A team of scientists, fishers and community leaders will pilot an innovative new method of harvesting sea urchins to help regenerate parts of the 8,000 km-long Great Southern Reef.
Instead of coral, Australia’s other globally significant reef features iconic kelp forests – incredibly important ecosystems, up to 16 times more productive than wheat fields.
They support hundreds of species including some of the most valuable fisheries in the world – rock lobster and abalone – and contribute more than A$10 billion each year to the nation’s economy.
But along the east coast of Australia long spined sea urchins have stripped kelp back to bare rock in many regions, creating “urchin barrens” which contain millions of urchins and minimal other sea life.
These barrens cover an estimated 50% of nearshore rocky reefs along the central and southern coastlines of New South Wales and are also a problem in Victoria and Tasmania.
Now a bold new project supported by the World Wide Fund for Nature-Australia will trial harvesting urchins in a way that regenerates kelp forests, enhances the urchin fishery, and boosts regional employment.
Wally Stewart, a Yuin Walbunja man, said important parts of his mob’s Sea Country – from Wollongong all the way down to Eden – have been destroyed.
“They were once healthy places with plenty of kelp, lobsters, fish and abalone. They were passed on for thousands of years. Now they’re sea urchin barrens. We’ve lost part of our culture,” Mr Stewart said.
Mr Stewart is on the steering committee for the urchin project as a representative of the NSW Aboriginal Fishing Rights Group.
The project is being led by Professor Adriana Verges and Emeritus Professor Peter Steinberg (both from UNSW Sydney), and also involves commercial fishers, NSW government representatives, and conservationists.
Inedible urchins from a barren will be turned into fertiliser; urchins beside restored kelp forest will fatten up & be harvestable © WWF-Australia / Grumpy Turtle Films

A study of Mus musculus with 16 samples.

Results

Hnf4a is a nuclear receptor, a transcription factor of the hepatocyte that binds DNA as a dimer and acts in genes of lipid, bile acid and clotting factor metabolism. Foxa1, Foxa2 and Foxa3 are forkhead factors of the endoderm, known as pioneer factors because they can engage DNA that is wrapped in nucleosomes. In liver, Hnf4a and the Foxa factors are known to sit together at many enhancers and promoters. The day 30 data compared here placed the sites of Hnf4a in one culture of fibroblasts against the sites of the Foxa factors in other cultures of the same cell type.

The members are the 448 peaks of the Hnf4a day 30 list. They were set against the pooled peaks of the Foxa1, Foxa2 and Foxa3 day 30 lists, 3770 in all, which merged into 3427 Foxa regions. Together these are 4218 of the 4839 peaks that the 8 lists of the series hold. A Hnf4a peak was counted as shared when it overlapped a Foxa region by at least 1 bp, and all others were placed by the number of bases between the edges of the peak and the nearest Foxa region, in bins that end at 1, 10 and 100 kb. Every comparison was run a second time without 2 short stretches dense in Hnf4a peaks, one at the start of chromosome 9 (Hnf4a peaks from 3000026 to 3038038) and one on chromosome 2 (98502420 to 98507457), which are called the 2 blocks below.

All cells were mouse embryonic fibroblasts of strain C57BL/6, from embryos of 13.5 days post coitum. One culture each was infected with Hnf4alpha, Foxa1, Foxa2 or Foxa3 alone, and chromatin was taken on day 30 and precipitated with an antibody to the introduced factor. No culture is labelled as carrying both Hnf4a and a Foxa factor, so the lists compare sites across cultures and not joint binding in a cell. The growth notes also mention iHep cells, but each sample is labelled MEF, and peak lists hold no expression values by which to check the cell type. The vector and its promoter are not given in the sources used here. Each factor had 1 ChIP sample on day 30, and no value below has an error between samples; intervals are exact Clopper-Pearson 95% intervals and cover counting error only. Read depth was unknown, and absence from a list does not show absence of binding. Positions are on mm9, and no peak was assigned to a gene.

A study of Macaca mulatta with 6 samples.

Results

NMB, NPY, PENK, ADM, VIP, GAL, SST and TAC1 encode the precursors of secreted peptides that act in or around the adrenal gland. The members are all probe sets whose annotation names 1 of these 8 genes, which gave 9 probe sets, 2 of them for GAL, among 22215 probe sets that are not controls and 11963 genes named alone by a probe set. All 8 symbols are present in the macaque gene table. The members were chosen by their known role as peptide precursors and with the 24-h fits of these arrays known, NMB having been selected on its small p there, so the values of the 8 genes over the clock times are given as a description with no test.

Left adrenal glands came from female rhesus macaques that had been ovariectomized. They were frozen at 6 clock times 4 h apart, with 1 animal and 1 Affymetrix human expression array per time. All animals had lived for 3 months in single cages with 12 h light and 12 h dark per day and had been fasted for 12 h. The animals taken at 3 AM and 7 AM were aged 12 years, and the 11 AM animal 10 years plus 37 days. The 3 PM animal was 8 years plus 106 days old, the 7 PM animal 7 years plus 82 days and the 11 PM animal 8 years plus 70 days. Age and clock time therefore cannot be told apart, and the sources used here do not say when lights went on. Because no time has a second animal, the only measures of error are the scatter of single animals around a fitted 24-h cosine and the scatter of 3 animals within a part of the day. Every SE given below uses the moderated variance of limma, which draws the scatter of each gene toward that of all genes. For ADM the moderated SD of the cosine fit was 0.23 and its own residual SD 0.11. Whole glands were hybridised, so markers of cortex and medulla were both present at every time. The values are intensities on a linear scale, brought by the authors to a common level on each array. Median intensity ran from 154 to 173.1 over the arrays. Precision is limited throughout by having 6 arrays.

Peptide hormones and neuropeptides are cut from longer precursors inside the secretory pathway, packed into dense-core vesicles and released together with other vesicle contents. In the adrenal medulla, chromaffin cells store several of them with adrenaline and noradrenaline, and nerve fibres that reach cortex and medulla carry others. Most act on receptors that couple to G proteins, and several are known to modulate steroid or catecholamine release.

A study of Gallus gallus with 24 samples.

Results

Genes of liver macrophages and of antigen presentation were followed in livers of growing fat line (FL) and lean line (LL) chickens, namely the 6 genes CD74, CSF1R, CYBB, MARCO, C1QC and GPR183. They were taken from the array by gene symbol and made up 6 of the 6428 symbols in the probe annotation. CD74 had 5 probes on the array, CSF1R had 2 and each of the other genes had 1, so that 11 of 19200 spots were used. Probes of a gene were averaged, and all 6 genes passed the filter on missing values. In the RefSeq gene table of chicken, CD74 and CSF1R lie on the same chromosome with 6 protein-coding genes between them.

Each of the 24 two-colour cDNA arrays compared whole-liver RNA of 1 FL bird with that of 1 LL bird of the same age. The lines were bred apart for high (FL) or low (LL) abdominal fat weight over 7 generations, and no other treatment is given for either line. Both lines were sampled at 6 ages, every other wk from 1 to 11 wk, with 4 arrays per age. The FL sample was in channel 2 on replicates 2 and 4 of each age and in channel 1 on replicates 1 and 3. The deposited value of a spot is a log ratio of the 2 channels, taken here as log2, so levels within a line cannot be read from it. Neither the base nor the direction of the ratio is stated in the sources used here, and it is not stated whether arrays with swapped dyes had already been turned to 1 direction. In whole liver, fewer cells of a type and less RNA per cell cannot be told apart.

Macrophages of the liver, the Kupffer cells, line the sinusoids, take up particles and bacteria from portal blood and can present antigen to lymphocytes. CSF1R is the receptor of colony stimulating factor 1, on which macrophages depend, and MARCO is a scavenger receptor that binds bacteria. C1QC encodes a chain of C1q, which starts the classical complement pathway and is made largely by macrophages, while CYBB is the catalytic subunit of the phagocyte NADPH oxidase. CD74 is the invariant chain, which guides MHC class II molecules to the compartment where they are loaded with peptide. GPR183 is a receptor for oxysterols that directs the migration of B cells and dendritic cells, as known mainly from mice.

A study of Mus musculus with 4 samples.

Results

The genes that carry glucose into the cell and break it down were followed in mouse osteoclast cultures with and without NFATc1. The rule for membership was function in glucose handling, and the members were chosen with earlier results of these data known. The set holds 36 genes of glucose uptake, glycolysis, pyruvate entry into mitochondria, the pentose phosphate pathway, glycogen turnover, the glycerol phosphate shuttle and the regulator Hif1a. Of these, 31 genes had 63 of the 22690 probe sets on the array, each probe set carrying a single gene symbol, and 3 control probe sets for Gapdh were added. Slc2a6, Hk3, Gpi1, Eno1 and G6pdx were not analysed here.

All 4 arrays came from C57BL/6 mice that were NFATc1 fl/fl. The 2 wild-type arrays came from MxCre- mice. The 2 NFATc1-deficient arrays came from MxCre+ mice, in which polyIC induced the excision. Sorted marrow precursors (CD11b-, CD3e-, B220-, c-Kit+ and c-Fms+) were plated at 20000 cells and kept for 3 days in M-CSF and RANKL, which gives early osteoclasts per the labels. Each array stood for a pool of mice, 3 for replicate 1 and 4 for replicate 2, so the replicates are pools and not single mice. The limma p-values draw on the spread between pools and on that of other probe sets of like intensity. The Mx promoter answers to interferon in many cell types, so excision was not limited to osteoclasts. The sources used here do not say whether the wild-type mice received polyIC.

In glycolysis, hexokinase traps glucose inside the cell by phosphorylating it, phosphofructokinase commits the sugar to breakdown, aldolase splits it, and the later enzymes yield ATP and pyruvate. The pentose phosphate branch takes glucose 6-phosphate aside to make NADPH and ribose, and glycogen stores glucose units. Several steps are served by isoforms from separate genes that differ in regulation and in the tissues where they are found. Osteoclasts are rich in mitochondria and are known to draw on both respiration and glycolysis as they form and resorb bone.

At a test site in southern NSW, not yet chosen, urchins from a barren will be removed and crushed up to be sold as agricultural fertiliser.
While healthy urchins are a lucrative seafood, the urchins in barrens are malnourished and inedible.
With the urchins removed, scientists believe kelp will naturally regenerate then urchins on the fringes will feed on some of the seaweed that regrows, breaks off and drifts within reach.
“The urchins that are nearby will start fattening up and creating a roe product that can then be sold. When that happens, you create a sustainable fishery that can be fished for decades to come,” said Professor Verges.
“Our unique program for harvesting urchins aims to create a mosaic of restored kelp forests alongside areas with a fair number of healthy urchins that can be harvested. If we get the balance right this approach could be rolled out across hundreds, or even thousands of kilometers of coast,” said Emeritus Professor Steinberg.
A UNSW Sydney project showed how quickly kelp can recover. White areas (left) indicate urchin barrens in 2018 at Kurnell. After 5000 urchins were removed, golden kelp and other seaweed started returning within months. The photograph on the right shows extensive recovery by 2021. © nearmap
WWF-Australia’s CEO Dermot O’Gorman said WWF’s Innovate to Regenerate program is mentoring a range of experimental projects, including this one, which aim to Regenerate Australia.
“We’re providing seed funding and access to experts who advise on business and marketing strategy. Many solutions might not have the opportunity to get off the ground if it wasn't for the support of a program like WWF’s Innovate to Regenerate.
“Everyone needs to work together to co-create a regenerative economy. That involves enabling experimentation and helping to scale up new and innovative community led regenerative solutions,” Mr O’Gorman said.
Commercial abalone diver Stephen Bunney, who is part of the urchin project, believes their approach is pioneering because so many groups have a voice.
“In the past projects were either done by industry or they were done by science. But this team includes scientists, the fishing industry, government, Indigenous leaders and conservationists all working together to understand the problem and what we might do about it,” Mr Bunney said.
Long-spined sea urchins are a native species in mainland Australia and scientists suspect historic overfishing of predators such as rock lobsters and blue gropers may have contributed to an increase in their numbers.
A blue groper eats a sea urchin © FoodForThought / A large lobster eats a sea urchin after flipping it over © Scott Ling/IMAS
Mr O’Gorman said the 14 projects supported in the first round of the Innovate to Regenerate program deal with issues such as energy generation, food production, tourism and waste removal.
“They tackle these concerns in ways that conserve land and marine environments, protect biodiversity, and drive wealth back into communities.
“Taken as a whole these projects symbolise what Regenerating Australia could look like in a future where we support projects and businesses with genuine environmental, social and economic benefits,” Mr O’Gorman said.